By African standards, Kenya has a very substantial private sector, including a significant number of foreign investors and is touted as one of the most resilient in the world.
The country has always been a market economy, and it escaped both the dislocation caused in Uganda by the expulsion of the Asians in the late 1970s and the problems created by the socialist experiment in Tanzania from the 1960s through the 1980s.
General information about Kenya Local and Foreign Private Sector
The import substitution policies of the 1960s and 1970s led to considerable diversification of the economy,
The domestic private sector has been concentrated in certain kinds of manufacturing (mainly food-related) for both the domestic and the regional market.
FDI has recently played key roles in the horticultural industry (for export to the European Union) and certain service areas: transport, tourism and mobile telephony.
Key players in voicing private-sector concerns include the following bodies.
The Kenya Private Sector Alliance (KEPSA)
The Kenya Private Sector Alliance, formed in 2003, is the umbrella organization of over 200 private-sector organizations in Kenya.
Its objectives include the following: to enable the private sector to have a strong impact on socio-economic development through a collective effort; to create a harmonized approach to cross-sectoral issues; to ensure the formulation of policies that encourage both domestic and foreign investment; and to pursue regional, continental and international economic opportunities.
The Federation of Kenya Employers (FKE)
The Federation of Kenya Employers was registered under the Trade Unions Act in January 1959 as an association representing the collective interests of employers.
Its major objectives are to harmonize and defend employers’ interests and to raise the social consciousness of employers so as to enable them to realize the full potential of their enterprises by promoting increased labour productivity, sound management techniques, better industrial relations, fair labour practices, effective work organization and stronger staff motivation.
The Kenya Association of Manufacturers (KAM)
The Kenya Association of Manufacturers is the leading organization of industrialists in Kenya.
It was constituted in 1959 to unite industrialists under a powerful umbrella organization to encourage investment, uphold standards, and represent their views and concerns to the Government.
Ordinary membership is restricted to persons, firms and companies directly engaged in manufacturing, processing or any other productive method.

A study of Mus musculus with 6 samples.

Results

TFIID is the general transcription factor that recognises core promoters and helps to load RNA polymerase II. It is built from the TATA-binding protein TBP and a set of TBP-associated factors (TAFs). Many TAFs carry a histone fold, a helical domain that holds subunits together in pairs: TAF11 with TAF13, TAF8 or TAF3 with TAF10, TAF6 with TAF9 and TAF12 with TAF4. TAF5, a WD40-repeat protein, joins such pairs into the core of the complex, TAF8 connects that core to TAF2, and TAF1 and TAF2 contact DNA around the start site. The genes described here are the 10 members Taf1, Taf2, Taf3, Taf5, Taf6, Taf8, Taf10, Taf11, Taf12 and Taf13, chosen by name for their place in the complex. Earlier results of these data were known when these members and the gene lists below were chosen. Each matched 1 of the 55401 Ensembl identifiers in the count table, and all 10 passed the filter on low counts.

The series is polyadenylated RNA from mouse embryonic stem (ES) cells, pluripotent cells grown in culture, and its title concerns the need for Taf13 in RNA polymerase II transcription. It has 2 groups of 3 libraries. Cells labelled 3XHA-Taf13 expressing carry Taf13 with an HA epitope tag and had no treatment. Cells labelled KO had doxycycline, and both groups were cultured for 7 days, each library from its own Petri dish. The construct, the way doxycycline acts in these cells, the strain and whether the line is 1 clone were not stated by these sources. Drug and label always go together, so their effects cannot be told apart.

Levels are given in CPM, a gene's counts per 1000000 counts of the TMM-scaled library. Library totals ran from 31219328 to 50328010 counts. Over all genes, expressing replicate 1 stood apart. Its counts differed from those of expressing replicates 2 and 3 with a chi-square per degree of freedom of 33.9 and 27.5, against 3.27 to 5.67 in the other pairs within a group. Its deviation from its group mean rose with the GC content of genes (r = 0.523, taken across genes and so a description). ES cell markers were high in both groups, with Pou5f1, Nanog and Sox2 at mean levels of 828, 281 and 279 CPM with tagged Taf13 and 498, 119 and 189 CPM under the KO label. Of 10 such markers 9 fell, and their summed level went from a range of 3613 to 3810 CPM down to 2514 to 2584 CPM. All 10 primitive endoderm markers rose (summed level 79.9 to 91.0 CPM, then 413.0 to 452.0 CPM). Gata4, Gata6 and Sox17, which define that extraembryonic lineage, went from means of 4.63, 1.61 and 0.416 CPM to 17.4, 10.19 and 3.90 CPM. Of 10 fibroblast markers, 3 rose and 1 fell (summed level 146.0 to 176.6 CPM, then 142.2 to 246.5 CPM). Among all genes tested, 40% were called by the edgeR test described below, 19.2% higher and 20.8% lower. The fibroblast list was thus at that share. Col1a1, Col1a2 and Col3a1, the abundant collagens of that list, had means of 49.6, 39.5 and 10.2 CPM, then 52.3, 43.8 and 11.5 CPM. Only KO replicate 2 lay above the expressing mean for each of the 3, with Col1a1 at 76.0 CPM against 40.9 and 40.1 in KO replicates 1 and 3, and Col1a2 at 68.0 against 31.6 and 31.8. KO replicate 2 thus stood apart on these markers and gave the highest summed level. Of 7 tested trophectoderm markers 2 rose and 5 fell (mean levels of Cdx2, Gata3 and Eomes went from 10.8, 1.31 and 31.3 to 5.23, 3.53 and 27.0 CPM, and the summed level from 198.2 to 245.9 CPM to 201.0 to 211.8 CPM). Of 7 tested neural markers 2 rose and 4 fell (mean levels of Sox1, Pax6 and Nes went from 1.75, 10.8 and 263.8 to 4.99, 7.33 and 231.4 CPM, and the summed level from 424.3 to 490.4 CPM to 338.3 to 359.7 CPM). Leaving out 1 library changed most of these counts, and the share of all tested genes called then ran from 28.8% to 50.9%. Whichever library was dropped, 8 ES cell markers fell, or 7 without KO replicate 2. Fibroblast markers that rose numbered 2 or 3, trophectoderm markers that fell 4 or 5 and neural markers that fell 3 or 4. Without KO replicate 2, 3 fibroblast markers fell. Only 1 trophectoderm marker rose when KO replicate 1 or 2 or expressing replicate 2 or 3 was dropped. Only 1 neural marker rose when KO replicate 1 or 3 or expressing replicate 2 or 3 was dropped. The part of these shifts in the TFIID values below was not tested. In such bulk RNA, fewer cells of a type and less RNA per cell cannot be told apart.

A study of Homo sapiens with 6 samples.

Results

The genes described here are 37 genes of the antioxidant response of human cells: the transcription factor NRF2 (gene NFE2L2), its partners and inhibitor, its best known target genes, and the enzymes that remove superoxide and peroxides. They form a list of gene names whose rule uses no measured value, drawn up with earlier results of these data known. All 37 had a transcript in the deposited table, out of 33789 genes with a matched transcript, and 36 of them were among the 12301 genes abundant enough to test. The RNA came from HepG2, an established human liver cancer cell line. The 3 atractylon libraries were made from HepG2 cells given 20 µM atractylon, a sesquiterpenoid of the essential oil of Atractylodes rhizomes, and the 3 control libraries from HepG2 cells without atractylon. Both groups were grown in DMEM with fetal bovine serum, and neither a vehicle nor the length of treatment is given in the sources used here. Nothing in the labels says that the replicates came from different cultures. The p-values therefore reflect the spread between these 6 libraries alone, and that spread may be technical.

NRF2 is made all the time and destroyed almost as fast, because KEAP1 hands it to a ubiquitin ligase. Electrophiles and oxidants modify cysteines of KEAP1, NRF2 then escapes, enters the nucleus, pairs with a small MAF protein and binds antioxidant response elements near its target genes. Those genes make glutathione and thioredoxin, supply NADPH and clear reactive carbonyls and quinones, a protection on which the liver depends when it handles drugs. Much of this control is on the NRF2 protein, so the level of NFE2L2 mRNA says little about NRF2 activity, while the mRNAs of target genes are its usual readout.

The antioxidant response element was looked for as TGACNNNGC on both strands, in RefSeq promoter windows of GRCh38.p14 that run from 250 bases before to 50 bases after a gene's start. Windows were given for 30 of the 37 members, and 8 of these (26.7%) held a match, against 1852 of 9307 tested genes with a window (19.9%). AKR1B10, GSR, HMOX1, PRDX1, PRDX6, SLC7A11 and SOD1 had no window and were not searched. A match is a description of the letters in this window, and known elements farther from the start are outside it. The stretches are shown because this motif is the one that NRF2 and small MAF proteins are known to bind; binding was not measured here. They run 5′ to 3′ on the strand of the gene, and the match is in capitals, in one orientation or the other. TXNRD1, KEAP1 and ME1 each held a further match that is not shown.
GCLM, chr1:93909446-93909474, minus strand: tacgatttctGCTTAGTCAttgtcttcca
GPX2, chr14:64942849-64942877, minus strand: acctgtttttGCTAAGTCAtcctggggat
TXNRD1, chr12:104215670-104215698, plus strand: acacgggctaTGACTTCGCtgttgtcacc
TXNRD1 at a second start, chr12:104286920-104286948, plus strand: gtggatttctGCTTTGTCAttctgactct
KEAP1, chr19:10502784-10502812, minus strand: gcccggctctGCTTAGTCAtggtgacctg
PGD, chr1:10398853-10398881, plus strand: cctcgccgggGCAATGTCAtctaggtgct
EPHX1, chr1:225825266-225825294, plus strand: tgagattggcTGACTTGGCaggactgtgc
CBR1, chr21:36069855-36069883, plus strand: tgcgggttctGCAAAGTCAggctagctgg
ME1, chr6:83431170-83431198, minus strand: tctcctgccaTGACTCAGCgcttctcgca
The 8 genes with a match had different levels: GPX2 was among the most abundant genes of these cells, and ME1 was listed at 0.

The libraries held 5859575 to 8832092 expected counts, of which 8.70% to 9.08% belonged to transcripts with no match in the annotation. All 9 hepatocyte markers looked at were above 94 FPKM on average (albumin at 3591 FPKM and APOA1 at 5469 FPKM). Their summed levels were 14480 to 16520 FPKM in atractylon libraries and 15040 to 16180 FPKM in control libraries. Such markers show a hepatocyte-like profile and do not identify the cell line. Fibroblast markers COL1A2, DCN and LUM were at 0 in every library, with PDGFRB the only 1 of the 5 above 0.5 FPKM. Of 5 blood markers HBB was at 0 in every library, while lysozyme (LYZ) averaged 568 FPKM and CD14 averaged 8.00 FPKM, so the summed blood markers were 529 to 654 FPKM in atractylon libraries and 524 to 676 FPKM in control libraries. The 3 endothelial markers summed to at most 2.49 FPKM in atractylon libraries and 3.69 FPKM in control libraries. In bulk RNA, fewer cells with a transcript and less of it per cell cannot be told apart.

Associate membership is extended to other companies and firms that, by the very nature of their business, have a direct interest in the expansion of industry, including financial institutions, insurance companies and consulting firms.
The Eastern Africa Association (EAA)
The Eastern Africa Association was established in 1964. Members include companies from India, South Africa, the United Kingdom and the United States, among others.
The EAA is headquartered in London and acts as a channel of communication between foreign investors and Eastern African governments.
It interprets the policies and objectives of governments to its members and, in turn, explains the views and needs of investors, prospective investors and foreign businesses generally to governments.
It has a strong presence in the EAC but is also present in a number of other countries, including Ethiopia and Madagascar.
The East African Business Council (EABC)
The East African Business Council is the umbrella organization for businesses in East Africa. It has three categories of membership.
One category consists of chambers of commerce, manufacturers’ associations, employers’ federations and organizations in the banking, tourism, insurance, agriculture and transport sectors.
A second category is that of investment promotion centres, export promotion councils and EPZs. The third category is that of companies.
The National Economic and Social Council (NESC)
It is broadly acknowledged that one key reason policy implementation has been weak in Kenya is that there are no clear channels through which stakeholders can provide feedback to the Government on its implementation record.
Achieving the goals the new Government has set for itself requires a strengthening of partnerships among government, business and civil society.
It is with this recognition that the National Economic and Social Council (NESC) was formed to serve as an advisory body to the Government.
The Council is mandated to provide timely, accurate and independent economic and social advice with a view to improving the management of the economy.
It also provides a consultative platform that can improve coordination between the Government and the private sector through ongoing engagement.
The specific responsibilities of the Council include the following:
• To create a forum in which government, business and labour unions can identify and discuss policy issues and make recommendations consistent with the development aspirations of the country.
• To appraise the various programmes and activities of the Government in the light of Government policy.
• To improve the targeting and addressing of strategic objectives with a focus on the most critical social and economic needs.
• To utilize private-sector and civil society capacities and synergies through collaboration, engagement and networking in order to promote efficiency and effectiveness in economic planning.